U.S. stocks were marginally lower Friday morning as investors close out a stellar 2021.
The Dow Jones Industrial Average shed about 20 points. The S&P 500 was little changed. The Nasdaq Composite dipped 0.1%.
Pfizer was a top gainer the S&P 500 on Friday, rising 1.8%. British regulators approved the use of Paxlovid – the drugmaker’s Covid-19 antiviral pill – for people over 18 with mild to moderate illness.
Ford Motor was also among the leaders in the S&P 500 on Friday, adding 1.9%, bringing its year-to-date return to more than 137%. The auto stock is one of the top performers in the benchmark index for the year.
The major averages are all up double-digits this year as the global economy began its recovery from the 2020 Covid lockdowns, while the Federal Reserve maintained supportive measures first implemented at the onset of the pandemic.
The S&P 500 is up 27.1% in 2021, putting the benchmark on pace for its third straight positive year. The Dow and Nasdaq are also headed for a three-year winning streak, having gained 18.8% and 21.9% for the year, respectively.
“2021 was another exceptional year for U.S. equity markets,” Wells Fargo Investment Institute’s Chris Haverland said in a note. “The markets were supported by … highly accommodative fiscal and monetary policies.”
Strong corporate earnings also boosted U.S. stocks, Haverland said. The estimated year-over-year earnings growth rate for 2021 is 45.1%, according to FactSet. That would mark the highest annual earnings growth rate for the index since FactSet began tracking the metric in 2008.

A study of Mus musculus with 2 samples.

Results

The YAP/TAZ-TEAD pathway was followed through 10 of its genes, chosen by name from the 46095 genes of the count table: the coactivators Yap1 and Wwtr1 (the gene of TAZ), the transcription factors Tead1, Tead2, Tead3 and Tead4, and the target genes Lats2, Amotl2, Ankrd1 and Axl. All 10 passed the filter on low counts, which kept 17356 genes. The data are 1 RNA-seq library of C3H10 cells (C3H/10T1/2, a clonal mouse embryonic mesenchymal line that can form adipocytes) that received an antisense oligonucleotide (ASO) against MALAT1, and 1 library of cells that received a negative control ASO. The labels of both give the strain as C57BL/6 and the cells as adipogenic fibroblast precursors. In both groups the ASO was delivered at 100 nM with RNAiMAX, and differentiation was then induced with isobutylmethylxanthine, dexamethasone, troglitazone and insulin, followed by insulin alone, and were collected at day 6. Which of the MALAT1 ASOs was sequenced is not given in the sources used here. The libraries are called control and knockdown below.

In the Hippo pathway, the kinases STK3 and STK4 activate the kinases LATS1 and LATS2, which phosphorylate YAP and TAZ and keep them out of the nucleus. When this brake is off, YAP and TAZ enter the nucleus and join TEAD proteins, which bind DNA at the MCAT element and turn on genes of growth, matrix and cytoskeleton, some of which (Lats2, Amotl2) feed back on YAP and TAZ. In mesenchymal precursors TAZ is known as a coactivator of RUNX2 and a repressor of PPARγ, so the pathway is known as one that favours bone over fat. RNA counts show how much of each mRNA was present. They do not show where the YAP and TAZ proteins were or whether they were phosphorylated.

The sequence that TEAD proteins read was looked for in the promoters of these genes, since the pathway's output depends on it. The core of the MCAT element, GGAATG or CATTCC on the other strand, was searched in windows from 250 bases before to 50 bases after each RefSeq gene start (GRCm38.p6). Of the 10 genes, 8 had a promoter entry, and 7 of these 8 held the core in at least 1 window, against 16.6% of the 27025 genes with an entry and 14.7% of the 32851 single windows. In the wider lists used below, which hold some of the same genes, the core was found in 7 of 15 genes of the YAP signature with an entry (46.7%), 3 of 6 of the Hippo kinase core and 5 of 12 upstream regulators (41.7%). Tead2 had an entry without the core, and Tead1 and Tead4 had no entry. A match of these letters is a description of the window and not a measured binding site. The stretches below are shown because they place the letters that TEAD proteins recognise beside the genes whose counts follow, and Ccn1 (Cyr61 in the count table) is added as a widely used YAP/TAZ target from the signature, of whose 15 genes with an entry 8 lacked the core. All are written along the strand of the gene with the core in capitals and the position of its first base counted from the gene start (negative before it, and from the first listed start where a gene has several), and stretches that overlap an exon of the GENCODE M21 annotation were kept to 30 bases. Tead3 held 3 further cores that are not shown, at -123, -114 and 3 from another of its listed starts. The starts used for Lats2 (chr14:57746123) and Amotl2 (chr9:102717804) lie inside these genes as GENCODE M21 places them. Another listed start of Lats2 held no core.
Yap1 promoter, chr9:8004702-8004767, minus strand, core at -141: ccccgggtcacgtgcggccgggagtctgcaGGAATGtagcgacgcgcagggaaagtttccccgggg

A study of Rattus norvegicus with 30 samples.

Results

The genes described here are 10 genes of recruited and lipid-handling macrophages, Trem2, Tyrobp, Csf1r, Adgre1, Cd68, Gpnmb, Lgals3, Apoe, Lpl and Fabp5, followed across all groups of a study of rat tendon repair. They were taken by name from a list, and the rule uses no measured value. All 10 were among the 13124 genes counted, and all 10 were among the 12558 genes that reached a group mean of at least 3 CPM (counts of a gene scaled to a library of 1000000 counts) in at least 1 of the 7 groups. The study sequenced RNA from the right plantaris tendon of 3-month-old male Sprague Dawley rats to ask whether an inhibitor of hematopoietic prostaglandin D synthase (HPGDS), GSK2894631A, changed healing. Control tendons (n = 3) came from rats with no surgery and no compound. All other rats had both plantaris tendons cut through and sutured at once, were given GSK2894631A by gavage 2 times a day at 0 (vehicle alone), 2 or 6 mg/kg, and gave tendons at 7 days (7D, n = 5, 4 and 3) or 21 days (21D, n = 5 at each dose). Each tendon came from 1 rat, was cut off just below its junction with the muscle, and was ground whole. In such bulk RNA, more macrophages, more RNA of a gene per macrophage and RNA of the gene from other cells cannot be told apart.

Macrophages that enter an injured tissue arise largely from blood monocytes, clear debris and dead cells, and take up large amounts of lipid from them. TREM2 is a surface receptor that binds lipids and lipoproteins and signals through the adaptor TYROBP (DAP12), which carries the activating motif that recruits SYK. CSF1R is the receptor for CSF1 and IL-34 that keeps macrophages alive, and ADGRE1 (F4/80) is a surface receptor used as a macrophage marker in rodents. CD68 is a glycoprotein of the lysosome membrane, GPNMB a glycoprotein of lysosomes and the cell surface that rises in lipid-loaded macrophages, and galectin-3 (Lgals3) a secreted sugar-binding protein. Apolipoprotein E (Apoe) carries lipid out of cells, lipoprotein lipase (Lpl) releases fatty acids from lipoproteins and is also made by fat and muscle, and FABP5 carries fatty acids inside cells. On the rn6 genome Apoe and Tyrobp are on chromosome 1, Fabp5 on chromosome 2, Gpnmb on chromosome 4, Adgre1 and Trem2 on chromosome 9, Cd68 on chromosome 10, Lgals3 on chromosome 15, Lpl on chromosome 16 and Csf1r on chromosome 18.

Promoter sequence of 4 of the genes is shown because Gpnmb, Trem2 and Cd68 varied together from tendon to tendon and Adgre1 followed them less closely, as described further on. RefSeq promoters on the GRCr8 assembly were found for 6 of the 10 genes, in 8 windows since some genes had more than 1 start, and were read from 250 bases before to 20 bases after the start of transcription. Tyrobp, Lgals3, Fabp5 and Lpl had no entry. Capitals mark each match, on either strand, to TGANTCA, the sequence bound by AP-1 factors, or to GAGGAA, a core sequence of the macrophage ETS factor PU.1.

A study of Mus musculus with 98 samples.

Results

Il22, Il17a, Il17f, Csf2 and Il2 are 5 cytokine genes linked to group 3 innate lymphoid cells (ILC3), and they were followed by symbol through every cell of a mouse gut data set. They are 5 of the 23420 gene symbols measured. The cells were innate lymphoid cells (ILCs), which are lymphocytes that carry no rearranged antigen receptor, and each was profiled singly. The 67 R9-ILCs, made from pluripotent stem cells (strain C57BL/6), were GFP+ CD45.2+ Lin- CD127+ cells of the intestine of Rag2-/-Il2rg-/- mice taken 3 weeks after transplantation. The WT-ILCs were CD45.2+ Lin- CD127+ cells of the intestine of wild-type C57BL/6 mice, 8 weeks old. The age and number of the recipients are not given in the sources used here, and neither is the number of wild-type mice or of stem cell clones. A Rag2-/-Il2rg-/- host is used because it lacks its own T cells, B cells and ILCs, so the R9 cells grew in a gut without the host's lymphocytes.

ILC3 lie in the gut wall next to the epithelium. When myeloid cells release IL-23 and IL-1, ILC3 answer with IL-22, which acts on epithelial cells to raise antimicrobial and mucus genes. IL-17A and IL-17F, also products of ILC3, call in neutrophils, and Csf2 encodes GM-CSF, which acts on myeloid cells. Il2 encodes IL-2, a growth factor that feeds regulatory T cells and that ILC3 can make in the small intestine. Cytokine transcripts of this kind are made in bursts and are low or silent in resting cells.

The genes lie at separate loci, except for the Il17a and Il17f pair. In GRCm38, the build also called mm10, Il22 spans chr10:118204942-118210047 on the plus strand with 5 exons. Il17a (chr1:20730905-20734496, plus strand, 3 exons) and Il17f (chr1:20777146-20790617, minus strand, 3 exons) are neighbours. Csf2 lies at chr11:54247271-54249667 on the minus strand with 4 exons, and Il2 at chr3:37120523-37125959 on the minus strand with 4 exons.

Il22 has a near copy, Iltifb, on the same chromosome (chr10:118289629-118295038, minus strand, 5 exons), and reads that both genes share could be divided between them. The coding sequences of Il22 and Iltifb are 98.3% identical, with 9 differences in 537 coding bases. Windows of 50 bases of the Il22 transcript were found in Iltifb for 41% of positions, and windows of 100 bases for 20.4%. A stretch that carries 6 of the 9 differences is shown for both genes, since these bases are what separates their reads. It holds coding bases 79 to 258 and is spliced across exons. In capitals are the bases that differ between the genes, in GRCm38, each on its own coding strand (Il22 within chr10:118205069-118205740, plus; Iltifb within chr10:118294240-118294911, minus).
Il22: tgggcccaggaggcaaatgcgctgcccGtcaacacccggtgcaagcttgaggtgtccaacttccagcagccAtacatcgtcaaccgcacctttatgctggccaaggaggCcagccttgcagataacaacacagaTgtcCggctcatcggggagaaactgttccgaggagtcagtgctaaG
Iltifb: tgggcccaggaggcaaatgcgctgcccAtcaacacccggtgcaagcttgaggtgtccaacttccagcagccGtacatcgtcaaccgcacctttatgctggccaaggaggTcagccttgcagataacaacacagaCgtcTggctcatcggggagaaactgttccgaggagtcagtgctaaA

“The economic and earnings rebound that started in 2020 carried over into 2021, lifting equity markets to record highs. While returns in 2020 were driven by price-to-earnings multiple expansion, returns in 2021 were driven by earnings growth,” Haverland said.
Energy and real estate have been the best-performing sectors in the S&P 500 this year, surging more than 40% each. Tech and financials are also up more than 30%. Home Depot and Microsoft have led the Dow gains, rising more than 50% each. Names like Alphabet, Apple, Meta Platforms and Tesla have led Nasdaq’s gains this year.
The gains come even as the Covid pandemic rages on, with variants like delta and, more recently, omicron leading to case outbreaks throughout the year. The U.S. has now recorded more than 53 million Covid cases and more than 820,000 deaths, according to CDC data as of Thursday.
To be sure, developments like the rollout of the Covid vaccine have shifted public health protocols, giving way to some positive sentiment in the market.
But many investors and strategists expect tougher conditions next year as the Fed tapers off its pandemic-era easy monetary policy and addresses persistent inflation.
“It’s going to be tougher, I think, in the second half of 2022. Still, I think you’re going to have enough market for stocks next year,” Wharton finance professor and long-time market bull Jeremy Siegel said Friday on CNBC’s “Squawk Box.”
—CNBC’s Fred Imbert contributed to this report.